My strongest technique for increasing retention from lecture. Maybe it’s obvious; when I decided to make the mindset shift, it wasn’t so obvious, but the results are outsize.
Buzzwords like ‘active listening’ and ‘active learning’ get tossed around, but what do they really mean?
Active learning, for me, is really, viscerally focusing on the material you see on the chalkboard.
It’s easy to get into the mindset, but hard to keep it going; it’s almost like meditation. In the same way, it’s hard to describe abstractly, and examples are far more concrete.
It’s when you’re watching the prof talk through an example problem, and you’re thinking about it. Asking yourself, why did this constant disappear here, why did he use this equation, what did he see that led to his next steps? I try to guess exactly what the next step or the next number will be, guessing where the professor will go next, and asking why was I wrong if I am.
The way we learn, especially in technical subjects, is by finding out where we went wrong.
That’s why the example problems make sense in lecture, but the problem sets seem really hard when you look at them and try to recreate the process. That’s why watching somebody dance or ski looks easy but your body just won’t move exactly the way you imagine it.
We build our own process, test it, and refine it when it goes wrong. By starting that process of learning in lecture, we build a quick skeleton of a framework to build on, rather than having to do it from scratch by reviewing illegible notes or wasting time re-reading a section the teacher’s already lectured on.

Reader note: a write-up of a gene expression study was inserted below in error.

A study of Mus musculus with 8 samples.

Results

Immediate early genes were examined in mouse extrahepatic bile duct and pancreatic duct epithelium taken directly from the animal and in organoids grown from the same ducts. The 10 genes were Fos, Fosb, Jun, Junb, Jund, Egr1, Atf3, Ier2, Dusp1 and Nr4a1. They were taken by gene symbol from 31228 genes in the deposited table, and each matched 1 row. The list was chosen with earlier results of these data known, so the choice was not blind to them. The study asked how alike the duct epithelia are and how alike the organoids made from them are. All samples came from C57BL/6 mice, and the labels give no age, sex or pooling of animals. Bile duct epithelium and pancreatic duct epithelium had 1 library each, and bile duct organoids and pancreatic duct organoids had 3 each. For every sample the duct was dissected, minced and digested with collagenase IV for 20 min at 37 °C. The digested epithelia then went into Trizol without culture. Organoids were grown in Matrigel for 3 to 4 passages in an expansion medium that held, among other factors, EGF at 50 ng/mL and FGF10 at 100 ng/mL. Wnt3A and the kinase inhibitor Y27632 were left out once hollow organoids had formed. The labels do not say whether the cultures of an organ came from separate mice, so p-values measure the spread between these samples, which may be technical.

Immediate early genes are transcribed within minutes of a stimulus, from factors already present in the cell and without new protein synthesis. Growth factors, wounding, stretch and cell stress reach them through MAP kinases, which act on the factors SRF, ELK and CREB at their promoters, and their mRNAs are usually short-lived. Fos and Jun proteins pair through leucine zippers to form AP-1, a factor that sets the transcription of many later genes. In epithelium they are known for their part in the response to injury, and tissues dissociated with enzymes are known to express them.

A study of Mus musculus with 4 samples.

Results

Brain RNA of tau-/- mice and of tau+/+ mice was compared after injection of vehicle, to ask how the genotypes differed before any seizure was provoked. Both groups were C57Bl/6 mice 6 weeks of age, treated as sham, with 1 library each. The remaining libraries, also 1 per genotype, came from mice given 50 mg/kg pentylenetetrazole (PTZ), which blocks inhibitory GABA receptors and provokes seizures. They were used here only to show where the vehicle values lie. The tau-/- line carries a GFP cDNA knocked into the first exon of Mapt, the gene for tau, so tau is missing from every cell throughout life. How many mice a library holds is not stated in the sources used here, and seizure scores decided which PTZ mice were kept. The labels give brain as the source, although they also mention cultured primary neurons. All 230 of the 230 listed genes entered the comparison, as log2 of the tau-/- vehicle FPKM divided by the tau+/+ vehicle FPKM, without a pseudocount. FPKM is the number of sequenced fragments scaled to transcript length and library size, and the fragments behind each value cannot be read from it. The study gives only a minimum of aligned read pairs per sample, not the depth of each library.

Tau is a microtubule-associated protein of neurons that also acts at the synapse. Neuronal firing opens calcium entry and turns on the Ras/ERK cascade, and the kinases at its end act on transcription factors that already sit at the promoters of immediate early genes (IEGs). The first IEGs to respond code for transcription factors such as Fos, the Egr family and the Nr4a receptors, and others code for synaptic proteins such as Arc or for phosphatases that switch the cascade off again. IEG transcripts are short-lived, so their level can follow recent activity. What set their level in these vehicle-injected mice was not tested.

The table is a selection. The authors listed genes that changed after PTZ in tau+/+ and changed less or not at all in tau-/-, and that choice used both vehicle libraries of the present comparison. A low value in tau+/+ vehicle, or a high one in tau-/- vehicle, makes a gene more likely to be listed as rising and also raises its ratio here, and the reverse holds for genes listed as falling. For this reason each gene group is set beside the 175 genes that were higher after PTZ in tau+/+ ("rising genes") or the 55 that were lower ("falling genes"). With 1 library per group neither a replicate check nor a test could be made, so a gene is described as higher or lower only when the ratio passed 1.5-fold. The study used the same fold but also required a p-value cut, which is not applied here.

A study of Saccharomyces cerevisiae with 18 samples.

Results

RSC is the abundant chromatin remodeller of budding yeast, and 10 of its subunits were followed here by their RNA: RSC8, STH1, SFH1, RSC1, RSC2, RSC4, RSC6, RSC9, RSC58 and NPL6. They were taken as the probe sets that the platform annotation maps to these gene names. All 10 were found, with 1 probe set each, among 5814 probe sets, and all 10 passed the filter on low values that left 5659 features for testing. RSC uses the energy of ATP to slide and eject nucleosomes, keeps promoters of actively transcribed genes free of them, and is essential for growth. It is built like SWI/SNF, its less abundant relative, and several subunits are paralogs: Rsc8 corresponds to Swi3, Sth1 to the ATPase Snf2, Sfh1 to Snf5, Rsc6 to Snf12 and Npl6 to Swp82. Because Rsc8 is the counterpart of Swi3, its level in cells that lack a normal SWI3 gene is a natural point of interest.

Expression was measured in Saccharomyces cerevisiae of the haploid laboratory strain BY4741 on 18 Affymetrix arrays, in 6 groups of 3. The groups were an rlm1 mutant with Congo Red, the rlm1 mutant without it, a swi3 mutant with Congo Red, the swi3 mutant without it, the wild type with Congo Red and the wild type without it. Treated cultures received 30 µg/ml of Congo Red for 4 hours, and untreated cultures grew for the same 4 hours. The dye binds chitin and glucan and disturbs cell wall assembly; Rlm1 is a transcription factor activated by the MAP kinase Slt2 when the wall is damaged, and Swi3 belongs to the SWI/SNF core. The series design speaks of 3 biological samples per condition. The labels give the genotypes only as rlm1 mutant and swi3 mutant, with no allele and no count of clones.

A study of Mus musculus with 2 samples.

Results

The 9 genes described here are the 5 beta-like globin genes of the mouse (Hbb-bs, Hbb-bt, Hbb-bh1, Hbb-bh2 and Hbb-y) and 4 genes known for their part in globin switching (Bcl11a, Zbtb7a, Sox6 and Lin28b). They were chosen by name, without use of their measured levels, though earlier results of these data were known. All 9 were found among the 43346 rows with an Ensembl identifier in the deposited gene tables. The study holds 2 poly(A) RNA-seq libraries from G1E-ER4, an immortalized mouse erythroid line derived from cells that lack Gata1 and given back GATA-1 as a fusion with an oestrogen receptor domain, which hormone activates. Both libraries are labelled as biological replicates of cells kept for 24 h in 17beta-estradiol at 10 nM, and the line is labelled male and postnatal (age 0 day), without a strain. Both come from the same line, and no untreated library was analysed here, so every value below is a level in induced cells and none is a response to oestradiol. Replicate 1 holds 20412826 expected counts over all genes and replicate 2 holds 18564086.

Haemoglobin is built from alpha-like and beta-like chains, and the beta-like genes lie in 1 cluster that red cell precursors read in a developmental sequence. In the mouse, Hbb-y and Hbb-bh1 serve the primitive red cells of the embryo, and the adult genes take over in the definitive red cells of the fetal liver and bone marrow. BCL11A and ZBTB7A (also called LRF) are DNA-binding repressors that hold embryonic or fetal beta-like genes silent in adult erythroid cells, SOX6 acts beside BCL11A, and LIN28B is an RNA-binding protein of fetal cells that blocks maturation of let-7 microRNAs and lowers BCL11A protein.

In circuits 2, today, for example, my professor went over a quick example of a Laplace transform equation. Sounds like gibberish, but we won’t get into technical jargon, just a high-level overview.
He started with the example problem, and I immediately, consciously and mentally asked myself, what’s the first step in doing this problem? Set up the integral.
Turns out, it wasn’t setting up the math problem. It was looking up the answer in a table. What?
So I then immediately asked a new question, why was it looking it up in the table? Maybe because it looks similar to another one we had, but how? Then, as if on cue, the professor said to change this variable to that, and now it’s the exact same type of equation as the last time, and the answer is the same with the one variable changed.
It sounds easy in practice, but it’s hard almost like meditation in that you have to consciously do this for a while; I’m sure that’s what those test-destroying kids are doing when you see them not taking any notes, but seemingly completely at ease with the material. It becomes habit like any other.
All it is, is just ‘active learning.’ You’re actively asking yourself questions. It takes effort, not just mindlessly writing down the bullet points.
That’s actually the reason behind my new strategy of taking less notes. That, though, is next post’s topic. Hope this helps.
Note: After re-reading this post, I realize that it’s not hard to explain abstractly and the whole concept can be summed up as follows: a conscious effort to make your own mental model of a concept match the professor’s; you’re trying to consciously make your brain see the same patterns that the professor is seeing, and then pattern-match-and-complete in the same way.